Friday, August 11, 2017

Relief Printing: Color and Meaning

In my last post I concluded that I don't think printmaking is quite for me in the long run. But if you read that post to the very end, you were left hanging, and with an * no less! There was one thing I really loved: relief printing

I found the the complex process of relief to be something I really enjoyed thinking about. There was also more instant gratification than I'd had in intaglio printing. The lino cut piece took just one week, much of it in class! 

Even though it took a month to complete the woodblock design (and that was working on it what felt like day and night), the steps throughout were highly rewarding, and it was great to finally use some color ink.

Woodblock print after the
second of eight colors
I think the aspect of it that I liked most was that even though it was hard physical work (and there was some noise too, when I broke out the Dremel), linoleum and wood were softer, generally quieter materials and the only chemical required was ink.

For the woodblock story, let me start at the beginning.

Our assignment: to somehow use animal imagery in a way that meaningfully connected with our heritage or background.

Hooley the Dog is the only animal I've ever loved in my life, and it turns out that Paul and I happen to own chickens and bees too! So that's where I started, along with a sense of humor (all we need is a goat!), inspired by vintage dishtowels and other chicken art I've made in the last year, and with the desire to integrate text into this project somehow.

While developing my idea with my instructor Johnny, I got to thinking about how chicken farming was what sustained my mom's family as she was growing up in the 50s and 60s. So I texted my aunt, who was really involved on the chicken farm as a kid, and who has taken the concept of farming to a different level on her own large California acreage.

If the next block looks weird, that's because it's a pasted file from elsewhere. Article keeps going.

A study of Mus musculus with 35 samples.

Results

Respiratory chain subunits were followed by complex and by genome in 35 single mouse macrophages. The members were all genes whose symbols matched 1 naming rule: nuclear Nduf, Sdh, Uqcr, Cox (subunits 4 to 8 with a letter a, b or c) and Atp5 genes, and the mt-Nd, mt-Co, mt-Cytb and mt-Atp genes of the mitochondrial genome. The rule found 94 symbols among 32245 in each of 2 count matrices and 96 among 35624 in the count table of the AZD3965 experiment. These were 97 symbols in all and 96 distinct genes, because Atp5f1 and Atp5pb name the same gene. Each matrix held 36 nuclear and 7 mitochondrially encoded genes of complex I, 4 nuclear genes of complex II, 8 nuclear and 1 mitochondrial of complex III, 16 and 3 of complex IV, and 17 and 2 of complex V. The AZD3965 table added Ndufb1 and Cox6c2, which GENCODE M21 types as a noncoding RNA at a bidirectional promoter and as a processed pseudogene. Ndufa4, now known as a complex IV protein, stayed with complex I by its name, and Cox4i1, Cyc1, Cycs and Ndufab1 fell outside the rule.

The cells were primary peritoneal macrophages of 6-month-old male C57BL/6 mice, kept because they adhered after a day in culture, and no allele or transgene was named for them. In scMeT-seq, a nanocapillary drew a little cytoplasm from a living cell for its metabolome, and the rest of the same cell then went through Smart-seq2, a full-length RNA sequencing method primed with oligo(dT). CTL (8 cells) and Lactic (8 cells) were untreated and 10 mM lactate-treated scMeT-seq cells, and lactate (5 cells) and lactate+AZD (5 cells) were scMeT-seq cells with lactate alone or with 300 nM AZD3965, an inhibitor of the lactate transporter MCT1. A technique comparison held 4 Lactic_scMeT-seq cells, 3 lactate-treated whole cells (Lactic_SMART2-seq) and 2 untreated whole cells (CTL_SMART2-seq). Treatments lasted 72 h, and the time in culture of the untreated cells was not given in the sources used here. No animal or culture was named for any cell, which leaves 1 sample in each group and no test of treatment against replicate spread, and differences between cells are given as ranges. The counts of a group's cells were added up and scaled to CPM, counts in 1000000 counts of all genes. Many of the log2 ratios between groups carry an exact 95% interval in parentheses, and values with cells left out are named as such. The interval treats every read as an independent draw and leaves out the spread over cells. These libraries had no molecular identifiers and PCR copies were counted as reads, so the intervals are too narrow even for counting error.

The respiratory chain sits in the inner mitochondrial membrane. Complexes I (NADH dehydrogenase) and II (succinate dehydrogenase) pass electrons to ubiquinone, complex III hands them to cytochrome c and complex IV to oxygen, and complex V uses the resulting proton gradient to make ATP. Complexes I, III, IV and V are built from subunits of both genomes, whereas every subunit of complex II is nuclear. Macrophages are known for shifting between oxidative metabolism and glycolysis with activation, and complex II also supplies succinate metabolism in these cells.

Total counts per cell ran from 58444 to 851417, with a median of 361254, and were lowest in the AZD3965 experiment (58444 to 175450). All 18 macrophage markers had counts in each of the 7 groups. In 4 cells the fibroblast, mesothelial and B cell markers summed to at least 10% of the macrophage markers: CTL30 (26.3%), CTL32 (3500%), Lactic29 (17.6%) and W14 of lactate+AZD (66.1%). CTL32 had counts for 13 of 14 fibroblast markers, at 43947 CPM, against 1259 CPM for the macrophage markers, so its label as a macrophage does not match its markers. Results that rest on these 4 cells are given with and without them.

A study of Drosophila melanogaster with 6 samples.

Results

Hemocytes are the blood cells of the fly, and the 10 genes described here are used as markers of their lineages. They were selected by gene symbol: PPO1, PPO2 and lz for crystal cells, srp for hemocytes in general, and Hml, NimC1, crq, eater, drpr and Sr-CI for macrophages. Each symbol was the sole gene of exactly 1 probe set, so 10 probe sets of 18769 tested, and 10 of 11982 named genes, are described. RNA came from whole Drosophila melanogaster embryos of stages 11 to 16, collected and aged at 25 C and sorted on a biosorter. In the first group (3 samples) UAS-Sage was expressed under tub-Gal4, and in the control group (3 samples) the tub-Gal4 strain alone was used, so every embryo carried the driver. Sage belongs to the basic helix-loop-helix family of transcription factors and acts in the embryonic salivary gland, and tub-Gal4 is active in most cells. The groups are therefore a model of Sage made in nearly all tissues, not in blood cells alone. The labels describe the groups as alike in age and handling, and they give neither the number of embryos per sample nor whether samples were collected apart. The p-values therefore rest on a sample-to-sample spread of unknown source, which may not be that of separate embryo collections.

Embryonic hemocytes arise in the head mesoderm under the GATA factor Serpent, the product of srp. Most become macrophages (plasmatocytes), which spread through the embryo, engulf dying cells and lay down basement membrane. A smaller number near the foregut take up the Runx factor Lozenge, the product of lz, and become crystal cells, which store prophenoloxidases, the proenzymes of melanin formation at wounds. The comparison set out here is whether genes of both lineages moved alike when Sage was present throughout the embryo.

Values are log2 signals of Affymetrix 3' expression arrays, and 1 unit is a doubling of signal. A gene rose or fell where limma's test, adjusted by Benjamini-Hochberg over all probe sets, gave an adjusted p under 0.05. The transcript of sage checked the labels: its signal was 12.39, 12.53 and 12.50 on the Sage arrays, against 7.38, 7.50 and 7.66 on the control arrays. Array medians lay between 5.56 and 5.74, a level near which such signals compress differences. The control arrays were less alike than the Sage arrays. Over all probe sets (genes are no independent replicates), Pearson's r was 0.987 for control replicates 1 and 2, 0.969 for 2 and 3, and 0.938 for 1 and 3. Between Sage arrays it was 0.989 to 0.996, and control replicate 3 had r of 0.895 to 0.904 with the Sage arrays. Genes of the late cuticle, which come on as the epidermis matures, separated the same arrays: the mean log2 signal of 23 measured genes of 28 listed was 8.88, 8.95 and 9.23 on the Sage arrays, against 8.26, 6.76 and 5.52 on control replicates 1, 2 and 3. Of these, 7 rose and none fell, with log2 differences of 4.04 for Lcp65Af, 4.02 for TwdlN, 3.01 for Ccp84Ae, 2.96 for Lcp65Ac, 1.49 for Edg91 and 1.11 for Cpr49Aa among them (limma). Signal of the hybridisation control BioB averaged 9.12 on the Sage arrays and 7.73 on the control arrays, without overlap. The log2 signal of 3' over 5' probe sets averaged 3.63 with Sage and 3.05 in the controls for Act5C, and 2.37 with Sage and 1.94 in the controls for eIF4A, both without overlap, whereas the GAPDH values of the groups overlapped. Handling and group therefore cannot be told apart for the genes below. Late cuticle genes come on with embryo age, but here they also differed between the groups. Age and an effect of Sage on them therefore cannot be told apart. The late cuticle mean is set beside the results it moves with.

There seemed to be a thread of farming, for various reasons and in various ways, in my very own family.

I drew the above image onto an 18"x30" piece of plywood, and once it was finalized, covered it in shellac to use as a guide throughout the carving and printing process. The first task was to cut away the parts that I wanted to be the color of the paper, white.

Then I covered it in cream-colored ink and printed 7 prints, five on cotton paper and two on cotton fabric (dishtowel theme).

Then I wiped off the cream-colored ink from the wood and started carving away all the stuff I wanted to remain cream on the final print. This meant carving away most of the background, which took several hours. I managed to listen to the entirety of the excellent podcast S-Town over the course of a week while carving, carving, carving. 

I was thinking ahead to the next color: yellow. Looking at my original drawing, there are only a few things I wanted to be yellow: the chicken's legs, the bees wings, and the flowers dotting the background. 

Between each color stage it was more about carving the right stuff off while advancing through my color palette. I had to think ahead and behind at the same time.

Between each layer of ink, the prints had to dry overnight. A perfect time to carve more of the woodblock!

Starting to show some depth with 4 colors:
cream, yellow, light green, dark green.

As the colors progressed the plywood board became less and less recognizable.

Our minimum color requirement was 3 colors. Of course I overachieved. No less than eight colors for me, including light and dark brown, orange, and red.

And here is the final piece (click on it to get a closer view):

The biggest successes are the orange tree and the border (reminiscent of this blanket project I did two years ago in Fibers), and the fact that I managed to keep all the words in tact while carving (hand slippage is very common--you'll notice the dates were scrapped).

I loved that this was the last part of our class, a high note for me to end on. Not only did woodblock relief printing boost my art confidence back up, but it redeemed printmaking overall for me in a meaningful way. I excelled at this process, my professor and TA were very encouraging, and I felt like I spiritually connected my grandfather (note the carving on the tree), aunt, and husband through the common interests we all had/have: the life and work and fun of a farm.

I thought, as a final nod to this topic on my blog, here are some of the other students' prints from this project. Post a comment or send me an email if you'd like to know who made these.